Emerging diseases challenge doctors

Young doctors need to expand their medical horizons to take into account terrorism, juvenile violence, and rogue elephants when considering the planet’s emerging diseases.

This was the message from St. Matthews University School of Medicine Associate Professor Gerardo Ochoa-Vargas, who spoke to medical students on Friday.

In a seminar, tantalisingly titled ‘On Bats, Apes, Pigs, Elephants and Terrorists’, Dr. Ochoa-Vargas touched on how each of those unlikely subjects played a part in the emergence of new diseases globally.

He told students that the medical profession needed to change its mindset from dealing with traditional diseases to considering how global warming or international travel or the displacement of species from their natural environment would affect the spread of existing diseases and the emergence of new ones.

‘Several factors continue to contribute to emerging diseases scenarios, for example, global warming, natural disasters – when a hurricane hits a territory and burdens the public health system – markets and roads, the practice of spreading not only merchandise, but also diseases between territories,’ he said

He cited the growing issue of refugees and emigration as another factor in the spread of diseases across borders.

Unlikely factors, such as juvenile delinquency, paedophilia and violence also played roles in emerging diseases, he said.

‘Many things work together to create situations in which we are going to see the appearance of new diseases – economical crises, nuclear reactors, avian flu, tsunamis, wars, terrorist attacks, refugees and AIDS,’ he told students.

The rise in obesity, testicular cancer and suicide worldwide were also worrying factors that students would need to examine once they embarked on medical careers.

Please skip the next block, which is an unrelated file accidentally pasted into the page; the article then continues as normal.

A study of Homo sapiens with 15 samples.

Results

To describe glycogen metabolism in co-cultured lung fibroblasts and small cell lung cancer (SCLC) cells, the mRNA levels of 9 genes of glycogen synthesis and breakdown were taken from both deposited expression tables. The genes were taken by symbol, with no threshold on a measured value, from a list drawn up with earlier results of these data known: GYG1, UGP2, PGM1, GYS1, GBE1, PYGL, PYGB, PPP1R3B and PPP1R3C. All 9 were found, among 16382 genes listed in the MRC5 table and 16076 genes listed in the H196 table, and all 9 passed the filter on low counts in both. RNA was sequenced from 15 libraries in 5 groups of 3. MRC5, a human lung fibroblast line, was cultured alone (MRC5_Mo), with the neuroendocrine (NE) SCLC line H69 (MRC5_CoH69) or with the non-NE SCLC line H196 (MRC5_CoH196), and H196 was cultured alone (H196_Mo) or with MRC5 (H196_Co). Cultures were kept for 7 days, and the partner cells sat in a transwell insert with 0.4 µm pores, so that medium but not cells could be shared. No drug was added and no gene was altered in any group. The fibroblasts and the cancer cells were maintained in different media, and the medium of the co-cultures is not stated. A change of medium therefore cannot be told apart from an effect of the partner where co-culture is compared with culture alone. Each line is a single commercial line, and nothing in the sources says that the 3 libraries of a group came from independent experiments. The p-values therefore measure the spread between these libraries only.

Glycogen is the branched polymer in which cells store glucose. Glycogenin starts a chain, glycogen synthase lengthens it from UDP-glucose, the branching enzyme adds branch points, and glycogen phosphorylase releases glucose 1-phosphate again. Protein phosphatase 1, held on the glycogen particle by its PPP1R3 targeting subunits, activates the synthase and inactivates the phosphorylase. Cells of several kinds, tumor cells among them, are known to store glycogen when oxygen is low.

Speaking on the recent emergence of swine flu, he said: ‘Right now, the disease is highly infectious, but not very lethal. However, a shift can happen at any moment.’

By 19 June, the day of his lecture, there had been 180 deaths and 44,000 cases of swine flu, or H1N1, worldwide.

Mr. Ochoa-Vargas also described how social attitudes can also affect the spread of a disease. He said homophobia could cause people to fail to seek treatment for HIV or AIDS because individuals feared for their lives, not from the disease itself, but because they were afraid of being violently targeted.

‘It is a major factor,’ he said.

Mr. Ochoa-Vargas said the displacement of organisms out of their natural territories meant that bacteria and viruses were spreading to different species.

He described the case of the Nipah virus in Malaysia. There pig farms were built in the rainforest, the home of fruit bats, which defecated on the pig food, introducing the virus to the pigs and then to humans. The virus has a high mortality rate.

‘By displacing and reaching into areas, you can have a potential disaster,’ he explained.

He used the example of young, orphaned elephants in eastern South Africa that killed between 50 and 50 rhinos.

‘These juvenile elephants did not have role models,’ he said, adding that when older elephants were introduced to the herd, the violent behaviour of the young elephants stopped.

He used this as an example to explain how hysteria over paedophilia meant that adults were becoming afraid to interact with children, meaning role models were also disappearing from human society. He cited a case of a young girl who drowned because passers-by were afraid to jump in the water and rescue her in case they were accused of inappropriate behaviour.

Terrorism, both home-grown and foreign, with its threat of bio-weapons was also an element that could play a factor in emerging diseases, the doctor warned, describing how people could find information online on how to create a deadly virus.

‘I want you to know there are options and choices and solutions, but they are really difficult. I think if we continue to use the same approach to the phenomena we have in use and relying on experts and the consensus that is created, we are doomed.’

He advised that education was key to understanding and dealing with the many diverse factors involved in emerging diseases. Ending on an upbeat note, he showed a slide of how basic hand washing eliminated all traces of bacteria on an individual’s hand, highlighting that while the scenarios behind the emergence of diseases were complex, there was a chance that the solutions to some were quite simple.